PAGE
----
There are still a few places in Israel where, when two drivers get into an accident, they politely exchange insurance information and go on their way. There are also a number of places where a driver who steals the light at an intersection is stopped by a cop, who quietly writes up a ticket. And there are even roads where a driver will comment on another driver's dangerous behavior and receive an appology, or an angry response.
All of these, it would seem, are rare sights. As the National Road Safety Authority (NRSA) would have it, Israel's roads are a battleground that must be traversed using violence in order to defend oneself again the terrorists and murderers lurking around every bend.
The NRSA is running a campaign whose messages are easy to comprehend: "The driver who runs a red light is terrorizing others"; "You don't need a car bomb in order to turn wives into widows"; "You don't have to be a suicide terrorist in order to create orphans." According to the perspective underlying this brainwashing, all Israeli drivers are potential criminals whose behavior on the roads is likely to lead to murder at best and a mass terror attack at worst. In other words, the Israeli driver is the same as a suicide terrorist.
The fundamental assumption of the people behind these slogans is that there is no point in addressing the Israeli driver using level-headed language, in appealing to his or her intellect, in treating him or her with respect. The correct approach is to frighten, threaten and warn them about their fellow drivers. The advertisers do not say to them (as in the slogan from a few years ago), "It is better to lose a moment of your life than to lose your life in a moment." Instead, they advise drivers to protect themselves against the enemy who awaits them along every stretch of road. If, in the past, the authorities told drivers, "It's a good idea to reduce your driving speed in order to guarantee a long life to yourself and to others," today they say: "You are traveling in hostile territory." The obvious conclusion to be drawn: Drive according to the precept, "If someone comes to kill you, rise up and kill him (first)."
The result is expected: In the past, drivers who were involved in an accident or a near-miss cast aspersions on each other's driving skills or just traded curses. From now on, courtesy of the Transportation Ministry, the vocabulary of these dialogues will be drawn from the world of serious crime. Drivers will abandon the usual litany of name-calling in favor of "murderer," "terrorist," "suicide bomber."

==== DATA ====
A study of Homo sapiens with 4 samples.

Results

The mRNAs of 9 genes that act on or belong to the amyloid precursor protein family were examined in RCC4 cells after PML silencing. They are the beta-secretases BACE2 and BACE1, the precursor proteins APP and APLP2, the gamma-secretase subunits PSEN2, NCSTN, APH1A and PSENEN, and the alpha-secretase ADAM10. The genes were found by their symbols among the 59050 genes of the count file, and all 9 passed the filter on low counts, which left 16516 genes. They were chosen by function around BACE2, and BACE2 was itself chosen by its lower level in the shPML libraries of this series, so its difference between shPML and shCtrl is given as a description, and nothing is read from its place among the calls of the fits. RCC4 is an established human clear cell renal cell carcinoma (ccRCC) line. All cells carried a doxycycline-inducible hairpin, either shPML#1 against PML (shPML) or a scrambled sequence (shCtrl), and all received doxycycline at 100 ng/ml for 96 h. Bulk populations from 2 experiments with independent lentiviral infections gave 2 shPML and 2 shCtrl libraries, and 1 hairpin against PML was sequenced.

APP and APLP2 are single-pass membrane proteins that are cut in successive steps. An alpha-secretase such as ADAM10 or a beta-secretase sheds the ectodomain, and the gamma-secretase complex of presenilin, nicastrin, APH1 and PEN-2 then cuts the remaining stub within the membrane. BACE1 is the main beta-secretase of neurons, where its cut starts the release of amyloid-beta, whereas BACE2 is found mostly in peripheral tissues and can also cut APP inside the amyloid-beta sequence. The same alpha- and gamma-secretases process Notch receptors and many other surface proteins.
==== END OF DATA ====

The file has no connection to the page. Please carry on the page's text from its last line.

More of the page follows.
One may opine that the verbal escalation will not change anything, but that is an irresponsible assumption: The public debate reflects the emotional and culture milieu of society and its mood. Prior to November 1995, the country was filled with the most extreme verbal invective and incitement against Yitzhak Rabin, which ultimately led to his murder. People have taken to the barricades on the force of words and slogans. It is thus wrong to dismiss as unimportant the language chosen by the ministry for the messages it hopes will inculcate proper driving behavior.
The ministry's choice of words demonstrates that it has despaired of educating the Israeli driver and would rather use the threat of the ultimate punishment. The intentions are good but the results are destructive. The ministry is fulfilling its own prophecies. The NRSA assumes that Israeli society has reached such a high level of violence that it is past the point of absorbing logic-based messages, that only an appeal to the emotions of fear and revenge stand a chance of changing behavior. The ministry and its advertisers do not realize that this approach only heightens the instinctual, unrestrained character of the public that it hopes to reign in.
There is support for this mistaken approach: The NRSA's campaign is backed up with research showing that Israelis view driving as travel in no-man's land, if not an actual battleground. One can aim to make the roads a means for travel only, or one can resign oneself to their being a military arena forever. The Transportation Ministry has made its choice clear.